The pages welcome my pen. They do not judge. They seek not to fix. I am completely understood so clarification or re-explanation is unnecessary. Sometimes it is a purging; my hand cannot write fast enough. Other times, my thoughts are flitting and incoherent so cannot be snagged and immortalized on paper. Many times, I journal about quotes from my reading that help solidify an unconscious thought, feeling or question. Many such as the previous post or, this one, have ended up here.
As a mother, I have the horrible and nightmarish task of processing the suicide death of my 17-year old son, my baby. Much lies underneath, in my sub and unconscious mind. My journal is a place to face what is there with the faith that I'll only "see" what can be handled. Many times, it is convoluted and strange. Other times, it is just repetitive, like "why did he do it?" Who know how many times I have written those words. Or it is ever evolving. Random thoughts today may be solidified or revised tomorrow.
Regardless, in these pages, I can think through, ponder, and ruminate on my "stuff", which over time, is helping me to process Josh's death and the devastating impact to my heart, soul, mind and psyche.
Two helpful books are 1) Creative Journal Writing: the Art and Heart of Reflection by Stephanie Dowrick and 2) The New Diary: How to Use a Journal for Self-Guidance and Expanded Creativity by Tristine Rainer. Some of my favorites quotes in Dowrick's book:
"I want to write, but more than that, I want to bring out all kinds of things that lie buried deep in my heart." Anne Frank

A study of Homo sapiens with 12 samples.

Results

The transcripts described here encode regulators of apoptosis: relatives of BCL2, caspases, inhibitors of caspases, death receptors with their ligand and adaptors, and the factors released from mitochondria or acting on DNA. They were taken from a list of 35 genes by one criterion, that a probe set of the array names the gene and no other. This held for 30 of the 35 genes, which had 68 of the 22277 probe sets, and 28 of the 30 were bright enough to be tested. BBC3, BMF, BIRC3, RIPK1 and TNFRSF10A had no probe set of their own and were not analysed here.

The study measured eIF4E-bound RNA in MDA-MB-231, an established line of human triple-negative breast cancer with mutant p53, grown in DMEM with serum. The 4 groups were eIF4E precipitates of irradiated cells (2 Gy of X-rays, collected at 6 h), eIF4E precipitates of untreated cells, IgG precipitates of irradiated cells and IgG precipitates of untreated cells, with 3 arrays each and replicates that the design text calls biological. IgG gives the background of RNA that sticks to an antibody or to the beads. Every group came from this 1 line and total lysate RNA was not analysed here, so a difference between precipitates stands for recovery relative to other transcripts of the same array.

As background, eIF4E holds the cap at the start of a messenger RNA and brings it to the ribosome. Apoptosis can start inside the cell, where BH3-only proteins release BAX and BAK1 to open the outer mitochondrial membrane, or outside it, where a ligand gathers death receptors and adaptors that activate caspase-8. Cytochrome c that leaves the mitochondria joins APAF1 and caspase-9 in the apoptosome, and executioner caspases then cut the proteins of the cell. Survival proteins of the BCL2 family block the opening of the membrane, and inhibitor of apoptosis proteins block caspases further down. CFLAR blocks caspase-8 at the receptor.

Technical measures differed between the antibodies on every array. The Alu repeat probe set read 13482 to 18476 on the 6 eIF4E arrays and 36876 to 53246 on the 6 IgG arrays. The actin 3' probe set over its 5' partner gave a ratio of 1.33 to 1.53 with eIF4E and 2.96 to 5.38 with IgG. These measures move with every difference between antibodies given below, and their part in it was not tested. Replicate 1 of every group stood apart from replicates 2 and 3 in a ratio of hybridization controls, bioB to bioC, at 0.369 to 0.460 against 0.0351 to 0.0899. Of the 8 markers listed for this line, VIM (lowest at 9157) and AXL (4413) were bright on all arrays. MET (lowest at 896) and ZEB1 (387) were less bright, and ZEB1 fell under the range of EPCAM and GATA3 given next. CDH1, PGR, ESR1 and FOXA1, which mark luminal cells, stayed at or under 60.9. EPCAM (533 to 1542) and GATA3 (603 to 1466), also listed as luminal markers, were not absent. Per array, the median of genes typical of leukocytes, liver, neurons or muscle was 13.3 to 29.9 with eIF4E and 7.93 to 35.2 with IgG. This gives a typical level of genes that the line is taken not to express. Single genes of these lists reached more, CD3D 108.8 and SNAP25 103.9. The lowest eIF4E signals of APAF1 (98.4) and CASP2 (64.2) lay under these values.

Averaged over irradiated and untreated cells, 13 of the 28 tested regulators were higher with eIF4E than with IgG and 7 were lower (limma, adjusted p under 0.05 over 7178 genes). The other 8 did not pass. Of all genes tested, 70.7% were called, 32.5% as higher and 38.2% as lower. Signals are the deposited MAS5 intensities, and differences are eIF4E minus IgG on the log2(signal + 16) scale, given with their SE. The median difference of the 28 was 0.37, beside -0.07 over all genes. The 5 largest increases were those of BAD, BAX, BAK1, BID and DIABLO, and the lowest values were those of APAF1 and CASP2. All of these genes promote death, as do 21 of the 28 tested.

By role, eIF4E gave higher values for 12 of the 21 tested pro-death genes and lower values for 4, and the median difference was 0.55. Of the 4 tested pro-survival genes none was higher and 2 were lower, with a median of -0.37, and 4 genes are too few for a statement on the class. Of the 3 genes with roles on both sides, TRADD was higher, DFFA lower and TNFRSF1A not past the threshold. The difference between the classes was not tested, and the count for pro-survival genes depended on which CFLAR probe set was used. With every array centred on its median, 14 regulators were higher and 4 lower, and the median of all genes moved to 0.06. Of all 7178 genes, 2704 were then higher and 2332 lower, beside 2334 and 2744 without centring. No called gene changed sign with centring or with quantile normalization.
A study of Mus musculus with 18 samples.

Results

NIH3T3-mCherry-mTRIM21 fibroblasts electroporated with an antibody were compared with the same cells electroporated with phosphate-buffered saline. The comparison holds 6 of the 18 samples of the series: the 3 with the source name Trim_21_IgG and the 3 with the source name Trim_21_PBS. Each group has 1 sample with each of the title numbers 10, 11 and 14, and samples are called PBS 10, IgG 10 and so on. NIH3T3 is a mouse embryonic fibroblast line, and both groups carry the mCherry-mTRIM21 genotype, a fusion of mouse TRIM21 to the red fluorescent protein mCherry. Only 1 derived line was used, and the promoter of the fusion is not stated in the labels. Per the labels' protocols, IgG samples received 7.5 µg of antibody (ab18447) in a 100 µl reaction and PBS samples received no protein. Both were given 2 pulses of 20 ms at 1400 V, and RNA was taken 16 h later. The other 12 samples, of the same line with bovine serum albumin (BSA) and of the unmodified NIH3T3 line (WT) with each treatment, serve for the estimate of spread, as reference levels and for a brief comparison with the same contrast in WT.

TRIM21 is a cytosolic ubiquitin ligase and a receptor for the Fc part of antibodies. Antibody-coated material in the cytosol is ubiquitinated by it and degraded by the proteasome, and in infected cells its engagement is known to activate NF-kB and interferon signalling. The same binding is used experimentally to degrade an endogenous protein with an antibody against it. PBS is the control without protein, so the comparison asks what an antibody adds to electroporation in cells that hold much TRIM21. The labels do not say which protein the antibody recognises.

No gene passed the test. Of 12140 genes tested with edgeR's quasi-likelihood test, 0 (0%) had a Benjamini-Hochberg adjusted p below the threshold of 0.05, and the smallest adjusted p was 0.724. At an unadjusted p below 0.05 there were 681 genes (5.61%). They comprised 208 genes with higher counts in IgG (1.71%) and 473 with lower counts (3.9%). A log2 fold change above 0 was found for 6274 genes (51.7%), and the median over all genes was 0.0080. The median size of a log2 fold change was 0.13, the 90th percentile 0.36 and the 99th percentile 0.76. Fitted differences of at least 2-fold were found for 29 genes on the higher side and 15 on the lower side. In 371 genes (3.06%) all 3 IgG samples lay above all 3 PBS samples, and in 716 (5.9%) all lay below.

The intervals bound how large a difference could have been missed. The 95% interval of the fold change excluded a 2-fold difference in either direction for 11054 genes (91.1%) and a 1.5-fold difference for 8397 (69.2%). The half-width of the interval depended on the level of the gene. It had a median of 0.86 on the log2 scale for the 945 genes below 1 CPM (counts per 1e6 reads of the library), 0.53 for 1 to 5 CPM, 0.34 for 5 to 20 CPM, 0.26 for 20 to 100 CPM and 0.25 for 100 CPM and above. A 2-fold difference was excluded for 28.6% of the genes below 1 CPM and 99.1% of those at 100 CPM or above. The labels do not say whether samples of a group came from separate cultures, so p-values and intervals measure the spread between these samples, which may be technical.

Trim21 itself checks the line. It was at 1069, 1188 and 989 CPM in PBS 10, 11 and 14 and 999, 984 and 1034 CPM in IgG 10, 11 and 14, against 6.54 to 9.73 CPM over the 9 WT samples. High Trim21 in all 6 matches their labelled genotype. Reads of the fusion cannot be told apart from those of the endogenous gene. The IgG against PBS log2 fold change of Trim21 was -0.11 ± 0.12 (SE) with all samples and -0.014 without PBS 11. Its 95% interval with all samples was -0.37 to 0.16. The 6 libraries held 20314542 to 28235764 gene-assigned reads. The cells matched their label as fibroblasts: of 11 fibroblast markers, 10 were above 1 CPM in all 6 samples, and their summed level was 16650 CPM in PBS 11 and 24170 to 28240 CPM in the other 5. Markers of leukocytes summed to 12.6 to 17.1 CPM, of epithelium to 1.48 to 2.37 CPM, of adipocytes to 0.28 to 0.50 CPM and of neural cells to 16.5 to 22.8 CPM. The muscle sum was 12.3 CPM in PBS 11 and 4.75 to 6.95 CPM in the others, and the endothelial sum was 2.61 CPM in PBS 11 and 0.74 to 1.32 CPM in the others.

"We do not write to be understood; we write in order to understand." Cecil Day-Lewis
"Truly, it is in the darkness that one finds light, so when we are in sorrow, then this light is nearest of all to us." Meister EchkartRainer writes how a diarist, Anais Nin "used the diary not to escape from life but to live it more fully and deeply." A number of journal writing books and memoirs have referenced "The Diary of Anais Nin" which is actually seven volumes. I was lucky enough to find six at a used bookstore over the summer. I'm currently reading through Volume I and the most meaningful quotes are below:
"I have been trying to be honest, day by day, in the diary."
"The diary began as a diary of a journey, to record everything for my father. It was also to be an island, in which, I could take refuge in an alien land, write French, think my thoughts, hold on to my soul, to myself."
It is "the only steadfast friend I have, the only one which makes my life bearable; because my happiness with human beings is so precarious, my confiding moods rare, and the least sign of non-interest is enough to silence me. In the journal I am at ease."Since Josh's death, less than 2 years ago, I have filled up four books and am working on my fifth. The fourth, and only book that I plan to use going forward has blank pages. Uncertain about it at first, I now love the freedom to write, diagram, draw arrows, box, illustrate, list, color - anything I want within the pages. The best news is that I found Piccadilly large notebooks that are the perfect size and price at Borders - for $5.99. Whenever I see them, I stock up.
Writing utensils are important too, so say other books. I agree now that I've found the perfect "journal-writing" pen, the Varsity disposable fountain pen by Pilot. They are a bit pricey at $3.29 each but are worth it.
Is anyone else writing in a journal? Are there things that have helped you?